There is no question that the wealth management industry is changing. The question for financial advisers is how do they differentiate themselves in a post-fiduciary environment with robo-advisers nipping at their heels?
Perhaps it's time to up their "gamma," which David Blanchett, head of retirement research at Morningstar, has defined as the added value of intelligent financial planning in his 2013 paper "Alpha, Beta and Now … Gamma."
Mr. Blanchett is one of the driving forces behind The American College of Financial Services' new Wealth Management Certified Professional (WMCP) designation program. He helped to develop the research-based curriculum that focuses on creating diversified and efficient investment portfolios centered on long-term client goals.
"Wealth management firms need to constantly evaluate and adjust to the shifting landscape as economic, political and other factors affect markets and investment outlooks," said David Hyman, US segment leader of Wealth Manager Solutions at Mercer, a global consulting firm.
Mercer's new white paper outlines eight essential focal points that wealth management firms should consider for 2018 and beyond to provide their clients with support and strategies to address the market in this ever-changing world.
One of the paper's key points discusses how advisers need to become more familiar with the role of alternative investment strategies as a means of achieving clients' goals. Another key area highlights how after-tax returns can be crucial to wealth managers' overall value proposition.
The American College's new WMCP program was developed to provide precisely this type of expertise. The curriculum is designed for practicing advisers who understand the fundamentals of planning, but would benefit from a much deeper dive into applied wealth management techniques that help clients meet their goals.
There are no educational prerequisites but a minimum of three years of professional experience is required to use the designation, which begins Dec. 18. The length of the program is equivalent of three college-level courses and costs $2,900.
"No other designation provides such a deep overview of tax strategies, financial instruments commonly used by advisers, applied behavioral finance, sophisticated wealth management techniques, and an in-depth overview of estate, charitable and small business planning issued faced by wealth managers," said Michael Finke, dean and chief academic officer at The American College.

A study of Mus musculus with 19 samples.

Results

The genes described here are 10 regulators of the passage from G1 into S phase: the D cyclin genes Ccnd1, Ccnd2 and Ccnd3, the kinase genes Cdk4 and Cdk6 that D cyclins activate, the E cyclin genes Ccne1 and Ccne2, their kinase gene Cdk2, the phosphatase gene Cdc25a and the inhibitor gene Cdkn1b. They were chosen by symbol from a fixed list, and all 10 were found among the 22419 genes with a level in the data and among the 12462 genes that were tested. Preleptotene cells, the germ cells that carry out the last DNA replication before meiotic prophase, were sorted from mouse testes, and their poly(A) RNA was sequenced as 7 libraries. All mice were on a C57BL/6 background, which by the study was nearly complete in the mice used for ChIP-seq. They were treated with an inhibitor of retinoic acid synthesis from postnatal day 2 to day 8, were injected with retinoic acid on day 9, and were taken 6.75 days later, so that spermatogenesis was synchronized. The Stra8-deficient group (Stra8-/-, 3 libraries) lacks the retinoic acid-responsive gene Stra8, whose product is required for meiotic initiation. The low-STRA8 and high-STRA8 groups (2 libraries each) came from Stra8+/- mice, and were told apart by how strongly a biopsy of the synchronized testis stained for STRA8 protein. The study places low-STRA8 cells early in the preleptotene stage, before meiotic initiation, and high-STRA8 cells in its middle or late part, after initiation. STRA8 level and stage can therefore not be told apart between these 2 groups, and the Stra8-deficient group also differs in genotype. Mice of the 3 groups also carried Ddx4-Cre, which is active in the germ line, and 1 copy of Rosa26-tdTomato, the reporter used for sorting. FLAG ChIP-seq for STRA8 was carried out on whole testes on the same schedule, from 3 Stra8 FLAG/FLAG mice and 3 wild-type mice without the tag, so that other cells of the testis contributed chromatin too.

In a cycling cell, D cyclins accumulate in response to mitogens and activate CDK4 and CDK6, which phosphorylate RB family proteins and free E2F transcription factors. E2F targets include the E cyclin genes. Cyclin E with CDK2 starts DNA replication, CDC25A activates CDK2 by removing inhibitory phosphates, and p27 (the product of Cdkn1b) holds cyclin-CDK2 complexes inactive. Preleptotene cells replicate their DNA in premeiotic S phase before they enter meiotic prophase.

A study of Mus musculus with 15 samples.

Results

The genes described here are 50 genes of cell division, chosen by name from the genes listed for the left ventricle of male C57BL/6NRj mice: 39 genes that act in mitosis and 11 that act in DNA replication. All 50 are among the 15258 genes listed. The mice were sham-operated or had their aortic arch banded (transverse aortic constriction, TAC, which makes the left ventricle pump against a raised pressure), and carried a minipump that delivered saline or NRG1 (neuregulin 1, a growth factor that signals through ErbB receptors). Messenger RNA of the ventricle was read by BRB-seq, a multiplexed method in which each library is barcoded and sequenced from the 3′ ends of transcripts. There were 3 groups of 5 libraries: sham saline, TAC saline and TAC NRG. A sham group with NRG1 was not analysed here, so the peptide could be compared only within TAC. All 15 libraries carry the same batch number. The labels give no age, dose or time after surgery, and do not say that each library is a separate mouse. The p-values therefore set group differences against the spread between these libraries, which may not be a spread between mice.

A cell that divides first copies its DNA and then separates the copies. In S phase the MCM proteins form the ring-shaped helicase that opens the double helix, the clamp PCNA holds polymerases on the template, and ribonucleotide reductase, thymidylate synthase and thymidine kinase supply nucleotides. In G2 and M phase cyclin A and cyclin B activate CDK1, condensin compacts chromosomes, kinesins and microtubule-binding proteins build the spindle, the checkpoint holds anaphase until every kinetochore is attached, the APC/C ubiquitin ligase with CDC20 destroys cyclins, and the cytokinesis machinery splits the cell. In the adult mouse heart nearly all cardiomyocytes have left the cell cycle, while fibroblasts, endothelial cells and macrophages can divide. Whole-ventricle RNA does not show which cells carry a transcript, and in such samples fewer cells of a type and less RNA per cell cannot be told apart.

The WMCP program uses simulators to illustrate, teach and integrate complex wealth and investment management concepts, providing students with the opportunity to practice the concepts emphasized in the curriculum.
These include life-cycle planning strategies, asset allocation and asset location decisions. The case-study simulations are designed to build advisers' competence and confidence in wealth management so they are prepared to address a wide range of client situations.
The American College decided to offer the new wealth management designation after it received such positive feedback from the more than 5,000 financial professionals who completed its Retirement Income Certified Professional program that began in 2012.
"We kept hearing from graduates of the RICP program: 'Gosh, this is something that helps me do my job better'," said Mr. Finke. "We wanted to take that same philosophy and create a program to help advisers do a better job with investment recommendations."
Steve Parrish, a 40-year veteran of The Principal Financial Group and now an adjunct law professor at Drake University in Des Moines, reviewed the WMCP designation in a pilot program earlier this year. He previously completed the RICP program.
"This new designation is more focused on the accumulation side with an end-game in mind," Mr. Parrish said. "One of the big themes of the course is how to take a holistic view of wealth management rather than just focusing on maximizing the return on wealth."
Potential candidates might include the multitude of wirehouse brokers who are looking into becoming independent advisers after Morgan Stanley and UBS announced they are pulling out of the broker protocol, a voluntary agreement that provides guidelines for advisers when they leave for a competing firm.